Good Friday (oops, that was totally accidental), everyone. The Fat Tuesday spirit is now gone, no more flaming skull heads riding motorcyles for us. Nope, it's just Tyler Perry films and fish out of water comedies. They are making us give up Nic Cage for Lent and I just can't stand it. This weekend we have ensemble comedy "Wanderlust," one Mister "Tyler Perry's Good Deeds" and a few other curios and offerings for your cinematic palate.
Doesn't it feel like we've been hearing about "Wanderlust" FOH-EVA? Didn't they shoot this like 5 years ago? Jennifer Aniston and Paul Rudd play neurotic New Yorkers who end up at Alan Alda's hippie commune. Justin Theroux (Jen's boo, but you knew that), Malin Akerman, Joe Lo Truglio, Kerri Kenney, Kathryn Hahn and others co-star as the far-out denizens of said commune, while Ken Marino and Michaela Watkins steal the show as Rudd's asshole bro and his wife. This is the first time collabo of director David Wain and uber-comedy-producer Judd Apatow, and our review says the comedy "definitely doesn’t rewrite the rules of comedy or the vulgar/sweet idiom that Judd Apatow has cultivated over the years, but it’s also a bit more tart, and in that way a bit more David Wain," and is "a mix of good-natured and congenial spirit, plus some good dick gags and LSD-soaked absurdist moments." Rotten Tomatoes: 57% Metacritic: 51
You know what time it is! Tyler Perry Studios Presents: A Tyler Perry Production of a Tyler Perry Play, Starring Tyler Perry, Written and Directed by Tyler Perry in "Tyler Perry's Good Deeds"! I know, that joke is way old, but I, for one, do NOT get tired of it. Erm, I'm going to assume there's a message about Jesus in this one... but basically the gist is that Tyler Perry plays a business man whose life is changed when he helps a cleaning woman who happens to look like the luminous Thandie Newton. Uh huh. Co-starring Gabrielle Union, Eddie Cibrian, Rebecca Romijn and Jamie Kennedy (did they throw a dart board at a poster of 90s teen idols to cast this thing?) RT: 33%
Navy SEALs actioner "Act of Valor" opens this weekend, and YES THOSE ARE REAL NAVY SEALS IF YOU HAVEN'T HEARD. Our review says the film "lacks the human element to make us root for its heroes; instead the film drowns in gunfire, and mantras take the place of dialogue. We can't even cheer on our lead characters, none of whom are given any personality beyond the film's initial exposition. It's a nihilist's approach to filmmaking, common to modern American cinema in that it wants shit to blow up good, but doesn't care about why, or what, the repercussions might be." RT: 27% MC: 43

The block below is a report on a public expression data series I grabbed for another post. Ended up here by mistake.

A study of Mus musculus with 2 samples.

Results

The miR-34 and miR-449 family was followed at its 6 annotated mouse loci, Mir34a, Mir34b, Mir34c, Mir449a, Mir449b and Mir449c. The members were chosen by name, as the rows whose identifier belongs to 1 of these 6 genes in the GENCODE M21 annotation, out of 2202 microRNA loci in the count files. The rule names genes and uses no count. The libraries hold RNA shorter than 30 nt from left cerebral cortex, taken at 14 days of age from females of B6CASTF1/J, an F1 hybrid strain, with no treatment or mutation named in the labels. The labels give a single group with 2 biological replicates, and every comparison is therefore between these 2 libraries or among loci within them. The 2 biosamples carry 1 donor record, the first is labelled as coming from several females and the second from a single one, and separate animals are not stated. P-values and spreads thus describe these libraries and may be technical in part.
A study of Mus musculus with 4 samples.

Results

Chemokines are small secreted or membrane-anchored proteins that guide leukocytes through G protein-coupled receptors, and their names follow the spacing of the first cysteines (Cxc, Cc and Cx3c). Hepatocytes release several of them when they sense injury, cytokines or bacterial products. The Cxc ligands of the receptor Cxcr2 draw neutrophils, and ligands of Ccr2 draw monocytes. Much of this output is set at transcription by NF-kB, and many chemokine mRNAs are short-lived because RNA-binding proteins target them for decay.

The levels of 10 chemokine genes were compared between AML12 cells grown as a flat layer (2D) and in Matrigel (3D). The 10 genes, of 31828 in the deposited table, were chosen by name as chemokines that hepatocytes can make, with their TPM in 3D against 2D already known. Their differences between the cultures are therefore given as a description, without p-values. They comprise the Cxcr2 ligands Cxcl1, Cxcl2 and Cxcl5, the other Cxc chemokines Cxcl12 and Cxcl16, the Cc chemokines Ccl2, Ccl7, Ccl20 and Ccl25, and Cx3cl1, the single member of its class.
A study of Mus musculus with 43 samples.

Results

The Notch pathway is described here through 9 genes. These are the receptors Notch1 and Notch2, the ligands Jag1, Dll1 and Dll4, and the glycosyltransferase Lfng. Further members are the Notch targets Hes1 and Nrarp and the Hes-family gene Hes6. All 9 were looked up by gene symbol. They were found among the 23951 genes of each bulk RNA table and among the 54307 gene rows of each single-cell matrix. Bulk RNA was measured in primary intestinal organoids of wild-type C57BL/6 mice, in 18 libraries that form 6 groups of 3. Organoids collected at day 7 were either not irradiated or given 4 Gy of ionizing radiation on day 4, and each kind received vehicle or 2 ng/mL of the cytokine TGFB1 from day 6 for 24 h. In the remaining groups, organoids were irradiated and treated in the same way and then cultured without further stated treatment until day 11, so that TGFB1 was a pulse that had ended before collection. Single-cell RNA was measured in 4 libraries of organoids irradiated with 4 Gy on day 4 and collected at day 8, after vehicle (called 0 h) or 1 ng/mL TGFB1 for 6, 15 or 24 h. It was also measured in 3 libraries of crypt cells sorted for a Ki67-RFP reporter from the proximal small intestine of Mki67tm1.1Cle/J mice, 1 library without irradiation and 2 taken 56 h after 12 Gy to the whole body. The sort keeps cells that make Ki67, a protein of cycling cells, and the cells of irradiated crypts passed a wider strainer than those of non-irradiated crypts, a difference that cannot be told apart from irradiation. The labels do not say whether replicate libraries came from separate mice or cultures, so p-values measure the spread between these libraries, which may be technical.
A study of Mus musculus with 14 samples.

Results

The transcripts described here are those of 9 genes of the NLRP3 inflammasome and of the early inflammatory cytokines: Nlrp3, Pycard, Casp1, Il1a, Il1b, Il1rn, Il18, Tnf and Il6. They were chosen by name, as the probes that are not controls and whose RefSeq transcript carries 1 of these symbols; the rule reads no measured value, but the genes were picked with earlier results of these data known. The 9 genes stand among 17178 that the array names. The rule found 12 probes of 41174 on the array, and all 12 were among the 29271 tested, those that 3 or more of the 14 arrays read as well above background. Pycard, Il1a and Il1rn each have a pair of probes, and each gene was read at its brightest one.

Opening in limited release before platforming to more cities in the coming weeks is "On the Ice," a thriller shot on location in Alaska with non-professional actors about a tragic accident that sends three friends into turmoil. Our review from IFF Boston says the debut feature from Andrew Okpeaha MacLean, "is a small film worth seeing, simply for the chemistry between Irelan and Patkotak as best friends and the exposure to a new environment."
"Maria Full Of Grace" director Joshua Marston returns with his second feature, "The Forgiveness of Blood." This time he leaves the environs of South America to explore a blood feud in Albania. Our review says the film is "a very solid piece of work," and, "has an extremely grounded feeling that you don’t generally get with dramas or thrillers -- most feel put together in a petri dish, either a concoction with overly familiar elements or a collection of histrionic moments assembled to easily stir audience members. This film steers clear of that nonsense, and by the time it wraps to an emotional ending in its own terms, you’ll be glad it did." RT: 86% MC: 70
Screenwriter Stuart Beattie writes and directs "Tomorrow, When the War Began," a sort of Australian "Red Dawn" for the 21st century. A group of teens go on a camping trip only to discover their homes and families under siege when they return, and it's only a matter of time before they fight back. Our review says, "is a satisfying slice of young adult cinema, more engaging and enigmatic than the first three "Twilight" movies and able to produce an air of uniqueness in an overtly familiar, sci-fi-ish scenario," and is "fast-paced and genuinely entertaining, and its inherently Australian attitude gives it some much-needed edge." RT: 63% MC: 55
Um, where the shit did this movie "Gone" with Amanda Seyfried come from? Basically, it's "Taken," with Amanda getting her Liam Neeson on to look for her sister. It didn't screen for critics, so yeah, make of that what you will.